Notes on the Geography of The United Kingdom: Wigan
George Orwell did to Wigan about what John Steinbeck did to Oklahoma. The Road to Wigan Pier says very little about Wigan itself, yet the public, for the most part without reading the book, seems to have concluded from Orwell that Wigan was not only poor but disgustingly so. The damage lingers even today, when the mines and mills are closed.
We begin slightly over a mile to the east, at Top Lock, the high point on a flight of 20 water steps down to Wigan. It's all part of the Leeds and Liverpool Canal, begun in 1770. The canal reached Wigan in 1774 but wasn't finished until 1816.
The slope of the canal is steep enough that the space between locks is no more than an oblong pond.
The steps are high, too.
Heavy reinforcing timbers protect the lock gates.
From time to time, an old bridge crosses the canal.
Another, conveniently dated.
Bump, bump, bump, down the hill: that's Wigan in the distance, with the spire.
An old milepost: L'pool, 37 miles.
We're down in the flats now; or at least at a place where the locks are sporadic. We're almost ready to swing the door shut and fill the lock.
Five minutes later, the lock is full; the lower gate is tight, and the upper one swings free.
Off to one side, the Council Building, a one-time textile mill. You can see from the state of the windows the ongoing restoration work. You don't have to be very old in Wigan to remember when the shifts changed and the factory girls came out in a stream and unwittingly dispensed to the breeze a white cloud of cotton fibers that had settled on their clothes.
You can only wonder what Orwell would make of the mill today, renovated into apartments. He writes, in Chapter 8: "Of course it is obvious now that the upper-middle class is done for." Well, not quite, judging at least from the buyers of these apartments.
And here is the presumed location of Wigan Pier. In Chapter 4, Orwell writes of himself: "Mr Orwell was 'set down' in Wigan for quite a while and it did not inspire him with any wish to vilify humanity. He liked Wigan very much--the people, not the scenery. Indeed, he has only one fault to find with it, and that is in respect of the celebrated Wigan Pier, which he had set his heart on seeing. Alas! Wigan Pier had been demolished, and even the spot where it used to stand is no longer certain." Tourists settle now not for the pier but for a pub named Orwell.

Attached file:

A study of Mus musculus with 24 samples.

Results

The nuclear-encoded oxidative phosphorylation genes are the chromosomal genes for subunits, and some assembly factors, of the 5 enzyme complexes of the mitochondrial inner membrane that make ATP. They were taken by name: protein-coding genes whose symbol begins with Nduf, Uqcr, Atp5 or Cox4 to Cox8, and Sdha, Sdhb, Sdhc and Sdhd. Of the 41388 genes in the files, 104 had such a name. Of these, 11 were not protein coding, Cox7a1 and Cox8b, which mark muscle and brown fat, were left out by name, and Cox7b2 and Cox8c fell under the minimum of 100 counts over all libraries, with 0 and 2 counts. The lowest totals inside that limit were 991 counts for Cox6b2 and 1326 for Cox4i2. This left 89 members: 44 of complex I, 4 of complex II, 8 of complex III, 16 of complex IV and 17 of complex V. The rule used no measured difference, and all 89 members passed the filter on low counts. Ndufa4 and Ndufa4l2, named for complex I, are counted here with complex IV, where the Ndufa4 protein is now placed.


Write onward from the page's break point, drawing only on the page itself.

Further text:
Another mill is converted to work spaces.
The old canal house becomes a tourist attraction.
Here's housing about as close to the grim boarding house which Orwell describes so painstakingly, right down to the host handing his lodgers a piece of bread held between unspeakably dirty fingers.
In Chapter 4, Orwell writes: "As you walk through the industrial towns you lose yourself in labyrinths of little brick houses blackened by smoke, festering in planless chaos round miry alleys and little cindered yards where there are stinking dust-bins and lines of grimy washing and half-ruinous w.c.s. The interiors of these houses are always very much the same, though the number of rooms varies between two or five. All have an almost exactly similar living-room, ten or fifteen feet square, with an open kitchen range; in the larger ones there is a scullery as well, in the smaller ones the sink and copper are in the living-room. At the back there is the yard, or part of a yard shared by a number of houses, just big enough for the dustbin and the w.c.s. Not a single one has hot water laid on. You might walk, I suppose, through literally hundreds of miles of streets inhabited by miners, every one of whom, when he is in work, gets black from head to foot every day, without ever passing a house in which one could have a bath. It would have been very simple to install a hot-water system working from the kitchen range, but the builder saved perhaps ten pounds on each house by not doing so, and at the time when these houses were built no one imagined that miners wanted baths." Ironically, the mines are closed now and the houses have baths.
The High Street, not in bad shape.
Victorian facades, deplored in Orwell's time, have come back in style, under the guise of heritage.
Redevelopers go to considerable lengths to preserve the old brick.
A new shopping center in an old mill.
A few blocks away, at a spot big enough to accommodate a parking lot, Wal-Mart is up and running.